The basics of bass fishing are simple – and all experienced fishermen will tell you that. Start from examining the fishing conditions, don’t be shy to ask for advice from those anglers that know the waters you want to fish in and begin a painful trial and error process of finding the best lures and bass-fishing techniques that would be best-fitted to the situation and waters.
Tips about Bass Fishing:
1. The Technique: remember that the bait has to fall to the preferred depth, before you shake the rod tip. When you shake it, you’ll be getting the attention of the fishes. Start from doing that around 30 seconds, then shake it again in about 2 or 3 seconds intervals. Then stop and pull slowly – no more than six inches. Then back and down and repeating the process – slowly! The first thing you have to learn is that they’re not biting if you do everything too fast.
*In the Spring, anchor your boat in shallow waters and cast to deep water. Use a 1/8 ounce weight – it should be enough.
*In Autumn, do the opposite (anchor in deep waters and cast to shallows.
*In order to prevent prevent hang-ups, use a Texas rigged worm.
*Fish out the worm and keep suspended 90% of the time.
*The only way to maximize your hookup rate is to sharpen the hooks. Otherwise the fishes will often break free.
*While doodling, make sure that your presentation is natural – downsize your hooks to 1/0 or lower. Pay attention to how straight your bait is or you will spoil everything!
*Crystal clean clear waters is a tough thing to do. Keep slack on your line and “shake” the bait – not drag it.
*When the bass quit hitting during the daytime or it’s just too hot on the water, it’s time to think about starting night fishing. But don’t try it when it’s cold – you’ll freeze!
*At night bass don’t usually move far, especially Smallmouth. When the summer comes to an end, the bass move deeper and won’t come up to shallows anymore even at night. Remember also that night fishing is productive only if the bass comes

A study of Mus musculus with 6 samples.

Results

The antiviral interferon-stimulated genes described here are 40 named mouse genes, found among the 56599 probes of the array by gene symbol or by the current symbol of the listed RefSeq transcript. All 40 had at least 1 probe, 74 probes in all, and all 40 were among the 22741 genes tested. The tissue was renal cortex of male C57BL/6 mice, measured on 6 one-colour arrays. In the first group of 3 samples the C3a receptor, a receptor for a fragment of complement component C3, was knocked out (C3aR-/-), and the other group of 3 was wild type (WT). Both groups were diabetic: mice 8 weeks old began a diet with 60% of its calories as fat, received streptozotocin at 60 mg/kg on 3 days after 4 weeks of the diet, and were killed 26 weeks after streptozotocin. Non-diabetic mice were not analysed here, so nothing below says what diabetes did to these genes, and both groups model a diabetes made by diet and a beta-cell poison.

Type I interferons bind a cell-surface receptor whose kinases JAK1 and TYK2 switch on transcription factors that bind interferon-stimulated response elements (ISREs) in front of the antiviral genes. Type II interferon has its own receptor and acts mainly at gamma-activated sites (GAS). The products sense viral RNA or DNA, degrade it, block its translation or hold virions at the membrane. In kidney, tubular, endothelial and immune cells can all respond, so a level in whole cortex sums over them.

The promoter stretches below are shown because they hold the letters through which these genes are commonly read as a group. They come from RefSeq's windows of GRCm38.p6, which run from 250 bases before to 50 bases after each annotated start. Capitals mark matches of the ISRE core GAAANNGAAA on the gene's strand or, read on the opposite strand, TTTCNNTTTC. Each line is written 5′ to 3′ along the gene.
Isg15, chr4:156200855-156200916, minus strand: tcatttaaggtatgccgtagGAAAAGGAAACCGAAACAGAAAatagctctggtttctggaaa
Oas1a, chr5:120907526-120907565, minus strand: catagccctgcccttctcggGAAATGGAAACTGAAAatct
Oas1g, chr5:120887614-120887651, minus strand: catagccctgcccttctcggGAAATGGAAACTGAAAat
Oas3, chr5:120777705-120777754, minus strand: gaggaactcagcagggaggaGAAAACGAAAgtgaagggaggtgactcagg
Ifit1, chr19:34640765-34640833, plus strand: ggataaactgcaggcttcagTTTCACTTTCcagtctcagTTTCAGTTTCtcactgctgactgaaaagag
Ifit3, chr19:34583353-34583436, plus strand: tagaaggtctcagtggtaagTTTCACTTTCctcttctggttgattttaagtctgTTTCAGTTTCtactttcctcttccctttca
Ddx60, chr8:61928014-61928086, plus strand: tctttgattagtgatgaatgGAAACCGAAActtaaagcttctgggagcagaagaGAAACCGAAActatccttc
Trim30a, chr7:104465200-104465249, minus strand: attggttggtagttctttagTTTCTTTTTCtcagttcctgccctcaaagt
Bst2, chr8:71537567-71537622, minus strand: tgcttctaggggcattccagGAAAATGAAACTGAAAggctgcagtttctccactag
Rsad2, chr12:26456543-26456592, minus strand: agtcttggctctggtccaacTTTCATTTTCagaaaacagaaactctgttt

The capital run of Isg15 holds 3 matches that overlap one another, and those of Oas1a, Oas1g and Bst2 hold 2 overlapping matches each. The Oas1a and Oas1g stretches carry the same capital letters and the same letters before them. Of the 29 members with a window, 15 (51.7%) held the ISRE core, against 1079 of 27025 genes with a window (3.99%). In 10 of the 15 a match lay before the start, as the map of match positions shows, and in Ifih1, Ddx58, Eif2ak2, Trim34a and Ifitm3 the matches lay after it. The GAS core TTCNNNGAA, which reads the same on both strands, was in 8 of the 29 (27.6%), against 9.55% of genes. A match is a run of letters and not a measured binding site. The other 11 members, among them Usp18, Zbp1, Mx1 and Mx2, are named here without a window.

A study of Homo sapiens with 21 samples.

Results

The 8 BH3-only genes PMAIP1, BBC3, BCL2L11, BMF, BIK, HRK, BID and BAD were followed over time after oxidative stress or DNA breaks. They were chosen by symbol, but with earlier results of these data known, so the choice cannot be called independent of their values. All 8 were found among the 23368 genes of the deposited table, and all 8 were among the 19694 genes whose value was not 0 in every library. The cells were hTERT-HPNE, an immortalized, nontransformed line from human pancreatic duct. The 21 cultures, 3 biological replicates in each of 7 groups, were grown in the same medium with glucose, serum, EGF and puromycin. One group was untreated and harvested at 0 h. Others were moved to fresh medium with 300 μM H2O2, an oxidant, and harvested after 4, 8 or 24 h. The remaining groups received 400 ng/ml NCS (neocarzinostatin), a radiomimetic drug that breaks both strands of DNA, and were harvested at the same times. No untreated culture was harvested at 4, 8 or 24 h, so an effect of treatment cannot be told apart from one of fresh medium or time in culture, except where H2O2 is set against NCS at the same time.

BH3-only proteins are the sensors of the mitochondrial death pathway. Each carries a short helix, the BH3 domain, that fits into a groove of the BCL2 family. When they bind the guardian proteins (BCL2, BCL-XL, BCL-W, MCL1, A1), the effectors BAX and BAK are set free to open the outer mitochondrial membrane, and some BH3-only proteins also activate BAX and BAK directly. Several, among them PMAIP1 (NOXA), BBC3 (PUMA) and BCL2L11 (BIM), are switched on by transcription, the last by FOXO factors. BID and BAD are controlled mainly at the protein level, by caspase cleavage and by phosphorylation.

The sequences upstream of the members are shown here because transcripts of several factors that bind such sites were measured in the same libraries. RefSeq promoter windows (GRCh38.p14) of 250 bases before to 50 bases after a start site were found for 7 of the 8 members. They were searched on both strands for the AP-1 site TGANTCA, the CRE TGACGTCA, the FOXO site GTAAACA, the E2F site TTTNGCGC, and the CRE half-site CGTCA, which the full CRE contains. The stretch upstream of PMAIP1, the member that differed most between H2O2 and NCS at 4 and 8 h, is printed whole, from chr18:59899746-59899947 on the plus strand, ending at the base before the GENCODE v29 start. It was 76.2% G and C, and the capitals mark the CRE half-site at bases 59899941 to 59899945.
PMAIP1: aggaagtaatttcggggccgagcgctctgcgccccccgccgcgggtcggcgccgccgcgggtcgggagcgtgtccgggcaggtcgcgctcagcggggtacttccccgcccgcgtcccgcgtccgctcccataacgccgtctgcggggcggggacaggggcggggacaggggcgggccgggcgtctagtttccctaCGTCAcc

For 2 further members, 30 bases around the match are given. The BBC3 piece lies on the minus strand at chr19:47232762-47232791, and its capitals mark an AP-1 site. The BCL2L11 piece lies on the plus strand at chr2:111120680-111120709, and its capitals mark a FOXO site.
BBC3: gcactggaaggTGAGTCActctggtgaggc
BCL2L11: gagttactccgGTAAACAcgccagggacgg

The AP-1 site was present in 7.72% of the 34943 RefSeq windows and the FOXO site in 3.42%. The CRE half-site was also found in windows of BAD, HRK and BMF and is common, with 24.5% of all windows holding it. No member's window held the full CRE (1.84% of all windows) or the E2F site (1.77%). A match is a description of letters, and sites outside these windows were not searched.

within the 20-foot radius from your fishing zone.
* Stay as close as you can to remain unseen. If you’re too far, the accuracy will suffer.
*The lure has to land on the water as silently as possible. Target the area past the target in only it is possible.
*During the windy weather, remember to put tension on the line a moment before the lure touches down. It prevent the line from blowing across obstructions.
*As soon as possible learn a casting technique that permits a low trajectory. It does not matter which one you choose first – all of them will come in time – but you have to start studying one of them as soon as you can.
*A quality rod and reel matched to the weight of the lure are absolute must! Remember also that rods with a stiff blank but relatively limber tip are much easier to use by novices.
*Do not cast with the arm and shoulder, use only the wrist.
*Before casting, lower the lure a few inches below the tip to get an extra momentum.
*Be sure to “load” the tip in order to make it bend backward.
How to cast: the Flip-Cast
*Keep your eyes on target, not on places you’d like to miss.
*Plenty of scent acts as a lubricant when trying to penetrate thick cover.
*A plastic worm with a glass bead placed between it and the weight works best for inactive fish.
*Before you check a strike, reel down until reaching a hookset position.
*A strike is not something very delicate.
*Tighten your drag all the way down for better hooksets.
*17 to 25 pound test line for bait casting gear is the minimum. 10 to 14 pound test is good only on spinning.
If you want to find a pattern, you simply have to understand the way a bass lives. The knowledge of where the bass is at any given time is something you can only develop.
And the last tip: that every single fish you catch will give you clues on how to catch another. When you caught a fish in some area, it is very probable that you’ll catch something in the same (or similar) area later.